BY AMERICAN HEART ASSOCIATION NEWS


Smoking wreaks havoc on almost every organ in the body. It’s a well-known risk factor for heart disease and stroke, and it’s the culprit behind almost a third of all heart disease deaths.

But questions remain about this cardiovascular villain because the mechanisms by which it inflicts damage are unclear. George O’Connor, M.D., professor of medicine and director of the adult asthma program at Boston University Medical Campus, said smoking affects the chemical modification and function of genes – and some of these effects persist for years or can even be permanent.

O’Connor was awarded $500,000 to conduct research as part of the American Heart Association’s Cardiovascular Genome-Phenome Study, or CVGPS.

His team plans to find out how smoking affects genes, which could lead to preventive treatments to reduce the risk of heart disease and stroke. The researchers also hope to uncover why the increased risk of smoking-associated conditions such as heart disease and stroke declines soon after quitting, but persists for many years for other diseases.

CVGPS researchers use massive volumes of data from major studies, with the goal of speeding discovery of more personalized treatments and prevention for heart disease and stroke, the leading causes of death worldwide.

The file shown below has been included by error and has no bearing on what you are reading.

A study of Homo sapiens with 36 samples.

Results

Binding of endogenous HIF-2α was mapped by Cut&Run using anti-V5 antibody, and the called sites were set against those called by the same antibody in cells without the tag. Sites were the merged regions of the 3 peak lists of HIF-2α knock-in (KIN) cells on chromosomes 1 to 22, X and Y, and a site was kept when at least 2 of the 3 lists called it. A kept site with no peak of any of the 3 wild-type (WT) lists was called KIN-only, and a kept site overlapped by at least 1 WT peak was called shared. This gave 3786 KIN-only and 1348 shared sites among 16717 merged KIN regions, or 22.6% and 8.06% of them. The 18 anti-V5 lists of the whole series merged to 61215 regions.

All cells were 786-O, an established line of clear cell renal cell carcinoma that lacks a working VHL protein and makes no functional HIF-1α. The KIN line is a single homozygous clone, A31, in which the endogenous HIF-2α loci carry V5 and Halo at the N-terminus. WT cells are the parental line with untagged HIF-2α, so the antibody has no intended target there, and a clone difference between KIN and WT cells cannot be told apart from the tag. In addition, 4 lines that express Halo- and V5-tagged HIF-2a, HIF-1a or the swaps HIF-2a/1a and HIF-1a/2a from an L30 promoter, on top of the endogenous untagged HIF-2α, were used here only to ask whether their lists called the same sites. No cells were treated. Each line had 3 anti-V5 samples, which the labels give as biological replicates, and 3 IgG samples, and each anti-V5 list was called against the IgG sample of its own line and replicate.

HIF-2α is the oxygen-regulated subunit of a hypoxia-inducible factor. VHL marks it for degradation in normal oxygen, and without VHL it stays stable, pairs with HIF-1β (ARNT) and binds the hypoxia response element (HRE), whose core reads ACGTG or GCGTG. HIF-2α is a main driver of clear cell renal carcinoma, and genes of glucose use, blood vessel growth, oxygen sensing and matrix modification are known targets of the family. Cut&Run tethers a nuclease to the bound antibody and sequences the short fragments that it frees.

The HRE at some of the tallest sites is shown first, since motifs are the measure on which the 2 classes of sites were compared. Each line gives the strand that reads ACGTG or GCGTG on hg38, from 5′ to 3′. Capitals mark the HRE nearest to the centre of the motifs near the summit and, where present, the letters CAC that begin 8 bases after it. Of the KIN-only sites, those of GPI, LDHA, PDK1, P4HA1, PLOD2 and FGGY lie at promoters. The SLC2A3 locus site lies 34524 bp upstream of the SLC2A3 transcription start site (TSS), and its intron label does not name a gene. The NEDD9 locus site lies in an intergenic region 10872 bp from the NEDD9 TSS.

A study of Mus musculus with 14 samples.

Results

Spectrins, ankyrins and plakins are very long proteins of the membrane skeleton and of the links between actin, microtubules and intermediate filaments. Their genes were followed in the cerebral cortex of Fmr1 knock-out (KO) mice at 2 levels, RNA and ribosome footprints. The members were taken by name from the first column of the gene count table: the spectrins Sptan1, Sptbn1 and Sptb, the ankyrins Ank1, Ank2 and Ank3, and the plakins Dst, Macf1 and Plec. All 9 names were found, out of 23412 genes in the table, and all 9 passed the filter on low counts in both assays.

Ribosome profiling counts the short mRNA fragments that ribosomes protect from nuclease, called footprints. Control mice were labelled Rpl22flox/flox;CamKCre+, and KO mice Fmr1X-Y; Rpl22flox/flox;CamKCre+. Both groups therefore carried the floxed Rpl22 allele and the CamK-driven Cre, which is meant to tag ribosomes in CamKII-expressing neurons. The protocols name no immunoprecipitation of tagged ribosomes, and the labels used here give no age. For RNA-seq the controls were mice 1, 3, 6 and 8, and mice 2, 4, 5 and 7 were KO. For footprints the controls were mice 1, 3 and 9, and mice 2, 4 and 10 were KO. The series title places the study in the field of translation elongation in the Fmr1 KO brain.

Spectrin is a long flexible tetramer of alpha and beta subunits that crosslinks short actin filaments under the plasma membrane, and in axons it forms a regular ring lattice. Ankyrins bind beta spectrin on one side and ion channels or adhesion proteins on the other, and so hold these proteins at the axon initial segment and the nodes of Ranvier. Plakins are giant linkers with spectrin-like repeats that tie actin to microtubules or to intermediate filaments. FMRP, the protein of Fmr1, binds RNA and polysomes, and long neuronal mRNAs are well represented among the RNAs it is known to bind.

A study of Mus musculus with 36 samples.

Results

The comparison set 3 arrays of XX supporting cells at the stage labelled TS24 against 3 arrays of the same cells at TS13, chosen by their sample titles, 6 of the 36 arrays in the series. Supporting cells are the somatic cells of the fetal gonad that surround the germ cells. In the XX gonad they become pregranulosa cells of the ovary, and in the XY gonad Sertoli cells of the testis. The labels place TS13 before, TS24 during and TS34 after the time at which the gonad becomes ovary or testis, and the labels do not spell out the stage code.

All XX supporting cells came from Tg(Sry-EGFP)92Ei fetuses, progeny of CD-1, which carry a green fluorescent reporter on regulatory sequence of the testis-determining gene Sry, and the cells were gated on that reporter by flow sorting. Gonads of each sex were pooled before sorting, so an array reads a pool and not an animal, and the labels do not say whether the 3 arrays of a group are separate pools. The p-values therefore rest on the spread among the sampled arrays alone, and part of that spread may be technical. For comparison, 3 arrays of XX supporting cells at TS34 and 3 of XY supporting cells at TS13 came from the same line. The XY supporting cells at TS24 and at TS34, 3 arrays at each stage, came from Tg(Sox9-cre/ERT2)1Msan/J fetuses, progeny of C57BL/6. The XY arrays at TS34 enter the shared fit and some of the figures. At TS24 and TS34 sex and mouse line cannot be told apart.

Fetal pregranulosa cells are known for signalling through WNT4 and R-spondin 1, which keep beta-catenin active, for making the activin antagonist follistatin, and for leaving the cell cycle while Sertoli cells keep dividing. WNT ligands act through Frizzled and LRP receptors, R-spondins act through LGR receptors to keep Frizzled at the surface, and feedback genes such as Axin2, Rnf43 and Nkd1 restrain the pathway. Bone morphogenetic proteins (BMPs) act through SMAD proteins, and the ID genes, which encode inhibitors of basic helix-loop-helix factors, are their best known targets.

Here’s more about the study, as described by O’Connor:

How will you determine how smoking can alter genes? By studying participants in the Framingham Heart Study, the nation’s largest and longest-running heart study, we will address how smoking affects the chemical modification and function of genes in blood cells, and how these effects change over time after you stop smoking.

We’ll use laboratory measurements of genes together with information on smoking history. In addition, by studying European ancestry participants in Framingham and African ancestry from another study, we will address the question of whether race influences the impact of smoking on genes.

Finally, we will combine data on smoking, genetic code variants, gene chemical modifications, gene function and cardiovascular disease to search for clues on how smoking increases the risk of cardiovascular disease by affecting genes.

What do you hope to achieve with this study? Smoking is the most preventable cause of premature death in the United States. The goal is to identify molecular targets we can use to develop therapies to prevent tobacco-related diseases for smokers past and present.

Read about the other studies in this series.